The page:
December 17, 2009
I’ve cooled down a little bit after my little Palit outburst and decided that the best antidote was to focus on work. As such, I have a collection of trees for you. These are for a map where the player will move into lands that are of varying temperatures or degrees of decay. There’s still an egg theme behind this though, and so I’ve painted them all to still hold the shape of an egg, even the dead trees (The dead trees may need a bit of work though).
December 16, 2009
So a few months ago I submitted a design for the Palit Frobot contest. Ondoy happened in between, and I never did manage to post my final design here. In rush of work both paid and volunteer I’d forgotten to check on Palit’s website to see if they’d chosen the finalists, until today. First off, let me inform the reader who does not have a close relationship with me that I’m not a proud man. I know my artwork is not the best, and I have learned to deal with being average when it comes to many things. But for fuck’s sake I know my entry is better than this, this and this. This one wasn’t even a frog! Palit, why do you bother writing down rules and regulations when you don’t even bother to enforce them? Where is the environmental awareness through the use of a frog’s anatomy and green coloured elements as well as the technological superiority using high-tech, industrial or futuristic design elements present in any of these images? I wouldn’t be so mad if I hadn’t actually put time and effort into researching for this piece, only to be outdone by a 6 year old with his first bamboo™ tablet.
Update: Thanks to willie, I also found out that one of the designs was a blatant ripoff of a Tekken character. I have notified Palit of this in a very petty email, which does not deserve to be reprinted.
December 1, 2009
I bought Osmos during the Steam sale a few days ago, and I must say it’s one of the best game-buying decisions I’ve made in my life. Not only is the game both beautiful and intuitively challenging, it’s also given me a new set of metaphors for life, which I’ll discuss a little bit in the next few posts.
In Osmos, you are an organism similar to a eukaryote, and you are traveling in an ecosystem swarming with other similar organisms. Your goal in each level is to become the dominant organism. To do that you must “eat” other organisms smaller than you, and repeat the process until you’re the largest multi-celled organism around. In order to eat the other organisms though, you have to catch them, and that brings us to our first life metaphor: propulsion.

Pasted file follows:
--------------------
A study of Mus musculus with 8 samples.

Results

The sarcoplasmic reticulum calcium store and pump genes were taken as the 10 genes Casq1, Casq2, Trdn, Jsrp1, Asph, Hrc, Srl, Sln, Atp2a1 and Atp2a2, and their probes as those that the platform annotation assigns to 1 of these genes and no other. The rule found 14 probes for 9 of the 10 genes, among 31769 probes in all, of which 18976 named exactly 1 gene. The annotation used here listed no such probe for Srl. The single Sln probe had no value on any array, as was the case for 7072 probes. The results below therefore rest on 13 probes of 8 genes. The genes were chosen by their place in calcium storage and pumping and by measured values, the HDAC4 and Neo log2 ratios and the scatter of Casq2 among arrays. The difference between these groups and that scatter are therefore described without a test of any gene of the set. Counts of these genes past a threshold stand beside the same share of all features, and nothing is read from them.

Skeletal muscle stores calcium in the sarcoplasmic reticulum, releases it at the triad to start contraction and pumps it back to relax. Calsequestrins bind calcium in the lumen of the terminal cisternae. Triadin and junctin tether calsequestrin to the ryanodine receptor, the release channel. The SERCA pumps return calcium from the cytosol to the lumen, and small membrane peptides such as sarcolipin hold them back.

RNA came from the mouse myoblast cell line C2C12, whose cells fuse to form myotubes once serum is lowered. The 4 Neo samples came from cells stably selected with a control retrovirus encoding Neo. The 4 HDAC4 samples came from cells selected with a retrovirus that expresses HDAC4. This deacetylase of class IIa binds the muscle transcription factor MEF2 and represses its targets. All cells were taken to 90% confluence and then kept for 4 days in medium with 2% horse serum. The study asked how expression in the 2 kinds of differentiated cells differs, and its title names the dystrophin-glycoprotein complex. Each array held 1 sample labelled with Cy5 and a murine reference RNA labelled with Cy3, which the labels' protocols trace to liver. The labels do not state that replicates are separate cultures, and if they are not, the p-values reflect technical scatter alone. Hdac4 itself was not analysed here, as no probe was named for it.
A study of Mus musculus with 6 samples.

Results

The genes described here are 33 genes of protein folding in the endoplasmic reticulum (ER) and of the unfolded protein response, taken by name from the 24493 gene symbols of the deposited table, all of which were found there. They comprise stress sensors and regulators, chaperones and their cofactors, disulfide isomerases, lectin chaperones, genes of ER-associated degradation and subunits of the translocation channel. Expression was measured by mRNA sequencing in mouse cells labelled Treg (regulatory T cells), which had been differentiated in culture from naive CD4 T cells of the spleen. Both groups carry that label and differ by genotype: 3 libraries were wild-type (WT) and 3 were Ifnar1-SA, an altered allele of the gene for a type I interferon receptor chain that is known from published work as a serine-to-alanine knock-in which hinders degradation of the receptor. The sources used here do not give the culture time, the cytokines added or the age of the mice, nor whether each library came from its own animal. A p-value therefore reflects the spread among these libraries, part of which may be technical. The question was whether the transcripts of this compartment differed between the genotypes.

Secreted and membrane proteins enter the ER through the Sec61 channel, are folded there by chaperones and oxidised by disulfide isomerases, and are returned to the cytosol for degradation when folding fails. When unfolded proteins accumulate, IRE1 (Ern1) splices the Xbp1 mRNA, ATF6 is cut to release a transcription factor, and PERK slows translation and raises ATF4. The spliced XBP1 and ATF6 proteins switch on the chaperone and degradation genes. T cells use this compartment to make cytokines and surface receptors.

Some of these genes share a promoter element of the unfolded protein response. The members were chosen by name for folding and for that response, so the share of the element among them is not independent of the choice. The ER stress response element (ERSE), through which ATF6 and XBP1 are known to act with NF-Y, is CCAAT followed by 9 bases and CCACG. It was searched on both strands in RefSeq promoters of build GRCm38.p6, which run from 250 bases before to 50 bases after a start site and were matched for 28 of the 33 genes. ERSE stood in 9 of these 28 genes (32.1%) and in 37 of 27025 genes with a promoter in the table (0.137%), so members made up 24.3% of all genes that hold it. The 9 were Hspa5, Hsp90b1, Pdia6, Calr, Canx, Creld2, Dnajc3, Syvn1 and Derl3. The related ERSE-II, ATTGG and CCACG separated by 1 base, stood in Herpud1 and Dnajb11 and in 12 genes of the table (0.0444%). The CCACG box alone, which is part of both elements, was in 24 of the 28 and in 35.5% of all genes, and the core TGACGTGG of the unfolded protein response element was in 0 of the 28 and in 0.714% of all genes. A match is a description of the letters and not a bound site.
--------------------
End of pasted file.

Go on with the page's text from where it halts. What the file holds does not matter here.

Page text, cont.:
Your organism can only move by expelling bits of itself in the opposite direction in which it wants to go. You could easily interpret this as a manifestation of Newton’s third law, “To every action there is an equal and opposite reaction.” or as a metaphor for the biological process of absorbing and releasing energy. That may very well be the what the game developers were getting at, but in my mind what I was seeing was the sacrificed “part” being a metaphor for everything that we’ve been forced to give up in order to move forward in our lives. How often have you been faced with the decision of staying put or moving forward? And in the moving forward, what part of yourself did you give up? In the course of my life, I’ve had to give up friends, relationships, even action figures, in order to move forward in life. Whether or not those sacrifices were worth it is open to debate, but I cannot deny that I wouldn’t be where I am and who I am right now if I hadn’t given up a few things in exchange for some propulsion.
December 1, 2009
I’m joining another mini-comp on gameartisans, one that’s particularly cool because there will be an end product, namely an iphone game. Profits from the game will go to maintenance costs of the site, which is a pretty cool way of helping out a site that’s really helped me grow as an artist these past few years. Obviously this isn’t sprited up yet, but I wanted to get the design down first before doing the sprites and animations. More on this soon!